The two video gaming giants are back in the ring...
At events like the Tokyo Game Show, thousands of avid gamers are flocking to experience the newest game consoles before they're officially launched later this year: Sony's Play Station 4 and Microsoft's XboxOne.
Together Sony and Microsoft take up almost 80 percent of the world's console market.
But consoles are no longer the only contenders.
Enter...the mobile device.
Over the past five years, the percentage of U.S. households using wireless devices for gaming jumped almost 40 percentage points, far outpacing console games.
And mobile games have become brands in their own right.
Developer GungHo's mega-hit "Puzzle and Dragons" boasts almost 20 million downloads in Japan.
GungHo's market cap blew past Nintendo's earlier this year, underlining to many the rise of mobile gaming and the decline of some console makers.
So how worried are the console big boys about their smaller, more agile rivals?
Well, they insist there's room for everyone.
(SOUNDBITE) (Japanese) JAPAN MARKETING MANAGER, SONY MARKETING, MAYAKO FUKUNAGA, SAYING:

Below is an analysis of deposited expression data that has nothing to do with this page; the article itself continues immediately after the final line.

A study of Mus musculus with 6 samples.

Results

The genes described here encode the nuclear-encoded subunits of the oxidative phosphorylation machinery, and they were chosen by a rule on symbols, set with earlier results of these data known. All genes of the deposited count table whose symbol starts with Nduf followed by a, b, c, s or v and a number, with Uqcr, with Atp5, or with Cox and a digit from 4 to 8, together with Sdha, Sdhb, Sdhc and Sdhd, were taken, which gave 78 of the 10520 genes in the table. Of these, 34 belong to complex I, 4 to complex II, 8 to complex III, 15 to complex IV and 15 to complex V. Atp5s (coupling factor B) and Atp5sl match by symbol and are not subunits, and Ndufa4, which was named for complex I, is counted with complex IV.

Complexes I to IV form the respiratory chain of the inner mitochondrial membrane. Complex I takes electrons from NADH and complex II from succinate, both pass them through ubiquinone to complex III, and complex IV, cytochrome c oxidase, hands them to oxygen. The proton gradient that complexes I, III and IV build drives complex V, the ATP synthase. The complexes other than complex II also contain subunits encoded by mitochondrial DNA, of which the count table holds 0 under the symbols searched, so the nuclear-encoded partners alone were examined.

"There are a lot of devices out there. Some people want to use the Playstation, or maybe also their smartphone for games. And if you can't meet the customers' needs, you are limiting their choices. We want to support people who are serious about enjoying their games or any kind of visual content, no matter where they are."
For now the response seems to be - if you can't beat them, join them,
Sony is supporting the development of indie mobile games like Octodad, designed by a group of students at a university in Chicago.
And Microsoft has come up with the Xbox SmartGlass - an app that allows gamers to connect their Xboxes to smartphones and PCs to blur the lines between consoles and mobile gaming.
(SOUNDBITE) (English) CORPORATE VICE PRESIDENT, MICROSOFT GAME STUDIOS, PHIL SPENCER, SAYING:
"I think it's probably fair to say that we have more people playing games today than we've ever had at any time in our industry across a ton of different devices, from phones to tablets to fablets to laptops, PCs and gaming consoles. I think that's a great opportunity for us in the gaming business, because you have this just increasing funnel of people that are not only spending time, but more and more spending money on all kinds of different devices playing games."
All the new hardware, and software, is good news for gamers who have more choice than ever.
But it's likely to force changes on console makers - who, ready or not, will have to join the mobile revolution.